No rest for the weary. We have not one, but two storms ready to roll through the region next week. Both of these storms look like they will be similar to the last storm we had, with rain south and snow north.


This storm will be similar to the storm we just had, with rain south and snow north, however, depending on where you are, the storm will seem very different. This is because the rain/snow line will be further north. The MA-NH border and the border between Rockingham county, NH and York county, ME will see primarily rain after experiencing snow in the last storm.

The heaviest snow will stretch from the Berkshires, through the Green Mountains, central New Hampshire and Maine away from the coast and far north areas. A widespread 5-10 inches will fall in these areas, with upwards of a foot plus in a strip of Maine that stretches north of Bangor to the eastern Canadian Border.

The snow will be the heavy and sticky kind for many areas, and with this much snow, there is potential for scattered to even widespread power outages in northern New England. Residents who live in areas where at least 5 inches are forecast to fall should be prepared for outages. Wind gusts as high as 40mph could exasperate the problem as well.

Much of southern New England will see mostly rain, perhaps ending as some snow. A widespread one inch of rain is expected. There will also be gusty winds, especially along the coast, although winds are expected to remain below damaging levels at this time. Coastal flooding is becoming an increasing concern with this storm.

*A full report on this storm will come this evening*


This storm will track similar to storm #1, but this storm may become more organised and stronger than the first storm. Similar to the first storm, this one will bring all kinds of precipitation to parts of the region, as the track will be similar, coming across, or close to, Cape Cod and the islands.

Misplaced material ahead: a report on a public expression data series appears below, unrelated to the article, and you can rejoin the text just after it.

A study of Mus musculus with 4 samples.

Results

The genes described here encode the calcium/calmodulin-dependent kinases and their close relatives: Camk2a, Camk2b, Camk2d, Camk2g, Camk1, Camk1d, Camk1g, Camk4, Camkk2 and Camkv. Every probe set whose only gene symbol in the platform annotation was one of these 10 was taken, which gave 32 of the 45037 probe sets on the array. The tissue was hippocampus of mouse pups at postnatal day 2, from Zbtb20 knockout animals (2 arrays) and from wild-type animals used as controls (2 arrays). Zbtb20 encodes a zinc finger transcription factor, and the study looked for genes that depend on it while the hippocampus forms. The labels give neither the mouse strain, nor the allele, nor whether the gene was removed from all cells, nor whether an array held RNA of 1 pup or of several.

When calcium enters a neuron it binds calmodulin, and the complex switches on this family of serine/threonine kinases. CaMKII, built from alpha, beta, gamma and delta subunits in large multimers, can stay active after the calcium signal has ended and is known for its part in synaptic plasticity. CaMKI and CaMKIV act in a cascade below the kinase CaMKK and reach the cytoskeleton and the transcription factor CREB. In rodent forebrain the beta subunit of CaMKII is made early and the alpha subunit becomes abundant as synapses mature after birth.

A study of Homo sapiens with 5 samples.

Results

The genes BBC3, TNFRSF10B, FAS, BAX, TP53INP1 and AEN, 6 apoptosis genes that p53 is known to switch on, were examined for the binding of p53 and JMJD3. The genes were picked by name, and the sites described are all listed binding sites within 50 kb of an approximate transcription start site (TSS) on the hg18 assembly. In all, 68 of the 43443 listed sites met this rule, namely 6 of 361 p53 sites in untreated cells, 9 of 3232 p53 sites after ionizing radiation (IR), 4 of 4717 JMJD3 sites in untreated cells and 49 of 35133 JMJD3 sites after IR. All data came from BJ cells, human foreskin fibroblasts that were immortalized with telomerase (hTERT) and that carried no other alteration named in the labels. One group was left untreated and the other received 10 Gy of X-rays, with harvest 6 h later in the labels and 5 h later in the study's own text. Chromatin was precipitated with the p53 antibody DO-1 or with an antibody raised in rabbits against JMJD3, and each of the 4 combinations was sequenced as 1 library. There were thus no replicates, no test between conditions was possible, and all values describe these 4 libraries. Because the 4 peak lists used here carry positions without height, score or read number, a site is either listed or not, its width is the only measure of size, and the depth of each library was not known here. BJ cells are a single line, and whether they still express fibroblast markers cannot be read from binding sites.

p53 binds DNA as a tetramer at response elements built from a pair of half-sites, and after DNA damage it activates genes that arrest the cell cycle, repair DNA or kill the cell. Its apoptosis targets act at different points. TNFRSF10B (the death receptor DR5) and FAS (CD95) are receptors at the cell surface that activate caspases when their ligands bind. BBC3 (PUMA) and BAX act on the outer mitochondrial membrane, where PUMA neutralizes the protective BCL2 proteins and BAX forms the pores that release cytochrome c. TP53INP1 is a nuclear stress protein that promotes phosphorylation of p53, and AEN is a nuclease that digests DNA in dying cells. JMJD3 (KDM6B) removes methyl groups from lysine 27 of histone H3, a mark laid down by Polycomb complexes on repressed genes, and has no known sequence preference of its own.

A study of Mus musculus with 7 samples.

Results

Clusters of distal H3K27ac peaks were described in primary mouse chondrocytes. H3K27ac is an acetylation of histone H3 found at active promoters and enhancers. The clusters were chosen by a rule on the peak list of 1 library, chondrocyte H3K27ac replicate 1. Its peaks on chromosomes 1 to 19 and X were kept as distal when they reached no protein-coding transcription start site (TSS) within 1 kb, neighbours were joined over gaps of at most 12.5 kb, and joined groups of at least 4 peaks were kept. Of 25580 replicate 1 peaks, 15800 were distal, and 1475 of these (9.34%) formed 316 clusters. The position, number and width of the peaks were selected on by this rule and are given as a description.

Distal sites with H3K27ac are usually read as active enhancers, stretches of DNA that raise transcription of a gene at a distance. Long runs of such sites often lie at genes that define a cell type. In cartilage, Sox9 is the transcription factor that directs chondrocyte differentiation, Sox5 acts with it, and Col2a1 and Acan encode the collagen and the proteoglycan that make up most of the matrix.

This storm could blow up into a strong coastal storm with potentially damaging winds along the south Shore of Massachusetts and widespread heavy rain and snow. The track and timing of the storm, which is still somewhat in the air, will be crucial for snowfall amounts, the rain/snow line and coastal flooding impacts. The NWS of Norton, MA states:

"Given astro tides will still be elevated and should have a good pressure rise/fall couplet there may be coastal flood issues once again. As is the case for the Sun night-Mon system timing will be key...Probabilities of 1+ inches of accumulating snow has increased to 10- 60+ percent per the NBM. Chances are highest across northern MA at this point, which makes sense as we may have some cold air in place before the system lifts in. Given the track uncertainty at this point have just stuck with default NBM, but will be something to keep a close eye on."

Early indications are showing that the rain/snow line will once again be near the MA-NH border, with the storm being primarily snow into northern New England and rain in southern New England. It does appear that this will be the stronger of the two storms.